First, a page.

Posted at 6:02 PM, Jan 15, 2020
and last updated 2020-01-15 19:50:46-05

(WXYZ) — With all the different food label claims, how do you know what’s really in the foods that you’re feeding your family?

Grocery shopping can be confusing because there are so many food-labeling terms. You know what I’m talking about, ‘low calorie,’ ‘low sugar,’ and ‘reduced fat’.

While they do sound enticing, do these labeling terms really mean that the food is healthier? Or is it a marketing ploy to get you to buy?

Well, let’s look at products that say low sugar or reduced sugar. That likely means the manufacturer reduced the amount of table sugar and replaced it with non-nutritive sweeteners. These usually have very little calories and keep the food tasting sweet.

Now the problem is that research is still unclear if artificial sweeteners are good or bad for us. And food companies don’t have to tell us how much they're adding to the product.

So that is concerning for me because children today are consuming more of these sweeteners than ever before. And if you have kids like I do, you know once they taste something super sweet, they’re just going to want more of it.

So what’s important here is not those fancy marketing terms, but rather what’s written on the nutrition facts panel and ingredient list. That’s right, if you want to understand what’s in your food, you need to read the actual food label.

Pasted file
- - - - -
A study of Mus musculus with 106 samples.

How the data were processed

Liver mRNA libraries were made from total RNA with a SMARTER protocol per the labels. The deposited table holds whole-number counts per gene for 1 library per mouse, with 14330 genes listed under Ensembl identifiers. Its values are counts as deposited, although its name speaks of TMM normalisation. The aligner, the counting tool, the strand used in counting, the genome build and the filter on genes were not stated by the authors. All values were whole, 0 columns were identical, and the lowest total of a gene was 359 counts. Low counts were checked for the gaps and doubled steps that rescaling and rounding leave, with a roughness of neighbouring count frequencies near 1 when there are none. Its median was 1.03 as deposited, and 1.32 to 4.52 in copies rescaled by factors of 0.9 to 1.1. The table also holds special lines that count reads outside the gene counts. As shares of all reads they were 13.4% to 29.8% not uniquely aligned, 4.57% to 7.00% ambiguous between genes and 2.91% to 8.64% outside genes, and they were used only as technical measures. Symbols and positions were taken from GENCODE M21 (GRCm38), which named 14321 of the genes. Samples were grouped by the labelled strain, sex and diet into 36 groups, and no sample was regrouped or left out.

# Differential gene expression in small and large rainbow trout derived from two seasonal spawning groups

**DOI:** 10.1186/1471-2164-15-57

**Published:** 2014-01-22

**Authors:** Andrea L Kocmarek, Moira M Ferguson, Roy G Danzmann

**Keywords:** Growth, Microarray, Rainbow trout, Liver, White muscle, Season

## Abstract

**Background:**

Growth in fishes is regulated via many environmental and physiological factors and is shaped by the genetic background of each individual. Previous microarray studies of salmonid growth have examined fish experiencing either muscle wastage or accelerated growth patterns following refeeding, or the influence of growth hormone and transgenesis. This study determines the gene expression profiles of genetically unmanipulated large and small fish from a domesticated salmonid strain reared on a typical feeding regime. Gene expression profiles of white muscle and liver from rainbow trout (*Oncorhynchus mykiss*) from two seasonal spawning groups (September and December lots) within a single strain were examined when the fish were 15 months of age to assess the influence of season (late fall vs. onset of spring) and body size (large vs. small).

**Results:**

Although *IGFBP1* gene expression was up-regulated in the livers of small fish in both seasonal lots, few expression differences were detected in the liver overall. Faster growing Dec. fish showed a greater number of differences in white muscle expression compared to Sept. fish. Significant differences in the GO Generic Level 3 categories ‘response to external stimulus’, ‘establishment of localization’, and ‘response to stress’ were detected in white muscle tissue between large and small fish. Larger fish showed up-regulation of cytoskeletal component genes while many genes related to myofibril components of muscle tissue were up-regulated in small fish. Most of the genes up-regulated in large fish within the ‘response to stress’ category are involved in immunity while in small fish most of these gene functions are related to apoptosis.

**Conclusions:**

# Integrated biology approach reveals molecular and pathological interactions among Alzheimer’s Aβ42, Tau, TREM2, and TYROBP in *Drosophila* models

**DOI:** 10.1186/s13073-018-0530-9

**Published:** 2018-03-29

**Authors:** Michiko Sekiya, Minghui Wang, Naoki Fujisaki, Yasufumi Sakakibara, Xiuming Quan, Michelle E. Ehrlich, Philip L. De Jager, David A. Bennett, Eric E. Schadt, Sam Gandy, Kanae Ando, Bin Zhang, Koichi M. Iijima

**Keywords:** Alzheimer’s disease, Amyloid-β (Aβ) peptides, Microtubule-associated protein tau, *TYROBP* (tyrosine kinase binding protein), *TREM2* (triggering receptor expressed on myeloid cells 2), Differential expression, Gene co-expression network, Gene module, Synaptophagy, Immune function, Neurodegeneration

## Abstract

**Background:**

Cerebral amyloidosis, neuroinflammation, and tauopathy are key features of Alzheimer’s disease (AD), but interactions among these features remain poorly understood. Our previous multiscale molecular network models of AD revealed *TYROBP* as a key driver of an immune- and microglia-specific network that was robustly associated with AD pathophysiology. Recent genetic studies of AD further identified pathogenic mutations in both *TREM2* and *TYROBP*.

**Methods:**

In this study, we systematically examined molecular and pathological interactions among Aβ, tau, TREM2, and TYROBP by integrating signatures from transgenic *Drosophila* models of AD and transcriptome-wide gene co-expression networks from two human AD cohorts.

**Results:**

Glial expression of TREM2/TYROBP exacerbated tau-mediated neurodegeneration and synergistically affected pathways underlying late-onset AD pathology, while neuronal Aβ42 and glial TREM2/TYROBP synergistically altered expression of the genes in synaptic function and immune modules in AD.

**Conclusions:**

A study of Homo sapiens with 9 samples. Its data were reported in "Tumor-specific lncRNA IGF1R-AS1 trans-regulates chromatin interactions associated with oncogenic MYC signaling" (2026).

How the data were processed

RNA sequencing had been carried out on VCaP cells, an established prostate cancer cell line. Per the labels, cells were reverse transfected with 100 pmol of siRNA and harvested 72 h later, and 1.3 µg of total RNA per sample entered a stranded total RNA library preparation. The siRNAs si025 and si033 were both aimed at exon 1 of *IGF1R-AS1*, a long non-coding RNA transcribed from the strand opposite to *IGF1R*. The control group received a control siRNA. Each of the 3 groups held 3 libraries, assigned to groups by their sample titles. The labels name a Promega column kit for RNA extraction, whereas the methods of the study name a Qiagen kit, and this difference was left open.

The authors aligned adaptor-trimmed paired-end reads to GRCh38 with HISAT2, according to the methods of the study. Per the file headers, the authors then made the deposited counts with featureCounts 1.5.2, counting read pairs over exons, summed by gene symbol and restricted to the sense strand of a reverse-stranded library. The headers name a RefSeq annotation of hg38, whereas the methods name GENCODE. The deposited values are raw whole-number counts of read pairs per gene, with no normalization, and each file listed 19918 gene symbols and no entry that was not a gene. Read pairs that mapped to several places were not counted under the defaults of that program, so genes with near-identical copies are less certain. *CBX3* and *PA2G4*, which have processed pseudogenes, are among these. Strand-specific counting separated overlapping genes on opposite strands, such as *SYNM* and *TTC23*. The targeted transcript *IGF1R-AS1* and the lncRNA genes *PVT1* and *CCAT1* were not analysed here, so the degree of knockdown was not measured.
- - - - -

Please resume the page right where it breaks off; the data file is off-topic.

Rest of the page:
Here’s what I want you to be aware of:

  1. If you can’t pronounce the ingredient or recognize what it is, chances are it’s a chemical or it’s been highly manufactured.
  2. The order of the ingredients is important. They are listed in order of quantity in descending order. So what’s listed first will have the highest weight.
  3. Know that sugar has many names and might be listed twice. Watch for terms like corn syrup, agave nectar, barley malt syrup or dehydrated cane juice.

Lastly, my personal recommendation is to skip or cut back on processed foods. Instead, choose foods as close to their natural form as possible. Whole natural fresh foods are packed with nutrients and there’s no ingredient list that you have to decipher.